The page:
Written by Jennifer Toof, Outpatient Therapist

Sometimes people with suicidal thoughts show warning signs. Sometimes they don’t. Suicide without any warning is not uncommon, so if someone in your life attempted or died by suicide and you did not notice any warning signs, do not blame yourself. There are many situations where the person never shares or shows the pain they’re in.

However, here are some common warning signs that a person thinking about suicide may exhibit:

  • Talking about wanting to die or to kill themselves. It’s important to always take these remarks seriously even if you think they’re kidding, or seeking attention, or that they’re not actually going to do it. It’s better to be safe than sorry in these kinds of situations. Talking about suicide means something is going on. Leave it to a professional counselor or doctor to assess the exact level of risk.
  • Looking for a way to kill themselves, like searching online or buying a gun
  • Talking about feeling hopeless or having no reason to live
  • Talking about feeling trapped or in unbearable pain
  • Talking about being a burden to others
  • Engaging in self-destructive behavior, like using a lot of alcohol, drugs, driving too fast, cutting
  • Acting anxious or agitated
  • Sleeping too little or too much
  • Withdrawing or isolating themselves
  • Extreme mood swings

    If you notice signs and your friend is acting in a way that makes you concerned, there are two things to remember: ASK and TELL. ASK them if they’re having thoughts of suicide, then TELL someone so they can receive help.

    If you have a friend who's talking about suicide or showing other warning signs, don't wait to see if they start to feel better. Talk about it. Ask them directly if they're having thoughts of suicide. Having someone care enough to ask these questions can help save your friend's life.

    Some people (both teens and adults) are reluctant or scared to ask someone if they've been thinking about suicide. They might worry that, by asking, they're planting the idea. But research has proven this to be 100% untrue. You cannot plant the idea of suicide in someone’s brain by asking them about it. On the contrary, asking will give you valuable information about how to proceed and help. So, if you're worried — ask. It can help to let your friend know why you're asking. For example, you might say, "I've noticed that you've been talking a lot about wanting to be dead. Have you been having thoughts about trying to kill yourself?"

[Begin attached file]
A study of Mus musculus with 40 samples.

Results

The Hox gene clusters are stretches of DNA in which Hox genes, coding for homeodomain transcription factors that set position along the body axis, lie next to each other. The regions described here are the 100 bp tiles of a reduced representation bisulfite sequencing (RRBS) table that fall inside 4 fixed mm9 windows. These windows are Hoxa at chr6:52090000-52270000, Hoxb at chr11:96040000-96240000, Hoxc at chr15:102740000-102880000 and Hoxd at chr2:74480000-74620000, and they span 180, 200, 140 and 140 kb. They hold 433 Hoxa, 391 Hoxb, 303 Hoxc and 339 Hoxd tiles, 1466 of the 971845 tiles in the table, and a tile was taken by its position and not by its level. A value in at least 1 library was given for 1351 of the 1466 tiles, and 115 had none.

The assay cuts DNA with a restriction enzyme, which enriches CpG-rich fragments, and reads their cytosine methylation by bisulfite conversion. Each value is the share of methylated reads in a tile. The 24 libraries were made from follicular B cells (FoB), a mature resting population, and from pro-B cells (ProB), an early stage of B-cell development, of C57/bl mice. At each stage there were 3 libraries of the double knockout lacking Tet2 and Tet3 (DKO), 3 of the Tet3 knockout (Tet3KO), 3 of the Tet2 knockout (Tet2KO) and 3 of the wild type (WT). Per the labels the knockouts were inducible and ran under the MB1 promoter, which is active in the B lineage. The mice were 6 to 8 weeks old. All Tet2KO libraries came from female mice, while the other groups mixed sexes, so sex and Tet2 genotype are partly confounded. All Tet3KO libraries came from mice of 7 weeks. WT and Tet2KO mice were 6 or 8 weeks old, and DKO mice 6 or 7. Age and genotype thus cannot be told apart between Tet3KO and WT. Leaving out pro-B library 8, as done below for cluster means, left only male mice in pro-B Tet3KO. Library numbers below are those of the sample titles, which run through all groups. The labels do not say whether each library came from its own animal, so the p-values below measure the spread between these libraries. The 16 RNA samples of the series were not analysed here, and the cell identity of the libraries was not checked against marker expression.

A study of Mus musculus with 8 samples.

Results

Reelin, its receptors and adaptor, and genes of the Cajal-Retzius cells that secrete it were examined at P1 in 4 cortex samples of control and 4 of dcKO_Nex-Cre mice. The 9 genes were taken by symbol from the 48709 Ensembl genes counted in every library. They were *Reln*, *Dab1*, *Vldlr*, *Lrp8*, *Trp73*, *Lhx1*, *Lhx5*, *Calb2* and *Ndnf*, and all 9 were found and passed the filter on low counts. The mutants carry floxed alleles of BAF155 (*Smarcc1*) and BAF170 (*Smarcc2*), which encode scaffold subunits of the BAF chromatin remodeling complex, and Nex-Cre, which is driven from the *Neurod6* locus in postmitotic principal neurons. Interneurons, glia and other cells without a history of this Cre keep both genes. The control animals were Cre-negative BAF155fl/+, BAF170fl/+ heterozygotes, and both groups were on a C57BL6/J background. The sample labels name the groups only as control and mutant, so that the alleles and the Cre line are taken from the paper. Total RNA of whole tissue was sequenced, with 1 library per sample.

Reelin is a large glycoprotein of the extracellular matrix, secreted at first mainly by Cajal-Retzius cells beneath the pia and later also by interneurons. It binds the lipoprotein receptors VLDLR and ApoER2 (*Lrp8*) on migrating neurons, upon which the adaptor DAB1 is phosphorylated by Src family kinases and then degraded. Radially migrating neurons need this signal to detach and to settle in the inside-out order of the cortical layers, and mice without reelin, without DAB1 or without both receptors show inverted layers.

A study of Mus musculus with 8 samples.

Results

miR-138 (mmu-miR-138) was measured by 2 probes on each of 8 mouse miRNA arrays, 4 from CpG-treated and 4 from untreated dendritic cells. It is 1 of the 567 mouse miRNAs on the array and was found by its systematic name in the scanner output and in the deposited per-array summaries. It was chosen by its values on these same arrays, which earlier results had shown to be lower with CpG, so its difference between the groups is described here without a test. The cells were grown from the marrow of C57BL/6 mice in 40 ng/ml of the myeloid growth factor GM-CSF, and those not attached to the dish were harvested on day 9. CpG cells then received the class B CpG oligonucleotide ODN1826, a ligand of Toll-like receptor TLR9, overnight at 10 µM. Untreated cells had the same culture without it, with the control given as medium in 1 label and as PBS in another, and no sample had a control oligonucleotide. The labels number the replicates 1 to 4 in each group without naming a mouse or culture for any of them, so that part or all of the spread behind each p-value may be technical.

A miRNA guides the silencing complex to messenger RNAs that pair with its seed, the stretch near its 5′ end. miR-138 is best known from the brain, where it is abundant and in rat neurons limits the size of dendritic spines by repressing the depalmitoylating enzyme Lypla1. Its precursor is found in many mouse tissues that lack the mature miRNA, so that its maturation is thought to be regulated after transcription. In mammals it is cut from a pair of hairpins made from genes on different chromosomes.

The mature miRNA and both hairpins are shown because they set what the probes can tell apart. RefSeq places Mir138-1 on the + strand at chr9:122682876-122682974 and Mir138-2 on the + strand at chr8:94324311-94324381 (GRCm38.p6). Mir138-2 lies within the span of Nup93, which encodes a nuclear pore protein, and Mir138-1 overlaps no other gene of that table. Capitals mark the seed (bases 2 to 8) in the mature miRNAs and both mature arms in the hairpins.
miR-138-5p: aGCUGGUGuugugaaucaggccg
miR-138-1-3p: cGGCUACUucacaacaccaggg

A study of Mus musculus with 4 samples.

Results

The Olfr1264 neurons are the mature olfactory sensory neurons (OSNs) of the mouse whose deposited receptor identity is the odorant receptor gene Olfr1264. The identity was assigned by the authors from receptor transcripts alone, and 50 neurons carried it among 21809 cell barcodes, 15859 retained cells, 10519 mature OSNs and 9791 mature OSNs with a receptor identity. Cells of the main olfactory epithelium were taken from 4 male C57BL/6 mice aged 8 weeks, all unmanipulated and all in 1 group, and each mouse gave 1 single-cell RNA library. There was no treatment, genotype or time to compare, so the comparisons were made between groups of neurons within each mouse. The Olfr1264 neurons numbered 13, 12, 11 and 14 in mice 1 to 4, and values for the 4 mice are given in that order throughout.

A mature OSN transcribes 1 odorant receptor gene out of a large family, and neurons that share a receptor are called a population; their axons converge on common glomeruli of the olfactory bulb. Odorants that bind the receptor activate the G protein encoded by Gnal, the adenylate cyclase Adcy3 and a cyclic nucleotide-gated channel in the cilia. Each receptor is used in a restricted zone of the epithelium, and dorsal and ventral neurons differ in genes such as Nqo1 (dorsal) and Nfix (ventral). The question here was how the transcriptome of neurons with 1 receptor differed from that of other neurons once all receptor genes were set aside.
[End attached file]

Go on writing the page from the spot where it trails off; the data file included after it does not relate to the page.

Never keep it a secret if a friend tells you they want to kill themselves. Encourage your friend to seek immediate help in a crisis situation. Children or teens should tell a trusted adult, like a friend's parents, their own parents, or a teacher. You can always call 911 in emergency situations or Delaware County Crisis Connections. It’s important to focus on the bigger picture if you’re worried about your friend being mad at you for telling. In the end, you could be saving their life.

    If your friend is at risk of attempting suicide imminently, call your local police department, crisis center, or 911 right away. If possible, don't leave them alone and do your best to remove any possible means they can use to hurt themselves. If it’s safe, you may also drive your friend to the emergency room. If you are in a situation, such as an online friendship, where you know very little about the person's home lives, encourage them to call 911 on their own or to call a suicide hotline in their area. Try to get as much information from them as you can about their location if you have to call yourself.

    If, on the other hand, you believe the threat is serious, but not imminent or immediate, it's still important to act and to tell someone, but you may take the time to show support, listen, and encourage them to seek professional help. There are a number of different things you can do to be a supportive friend. The key is to avoid being judgmental or dismissive of what they’re feeling. Be patient, calm, and accepting.

    Remember, it’s important to take care of yourself when you’re supporting someone through a difficult time, because it can be emotionally taxing and can stir up difficult emotions. Practice self-care. Finally, if, in spite of your attempts to help, your loved one still attempts or completes suicide, do not blame yourself. You can’t control what they ultimately decide to do. Remind yourself that you did the best you could with the information you had and, again, seek help for yourself. We are here if you need someone to talk to, about anything, at anytime. Talking is powerful - in fact, it can be life changing.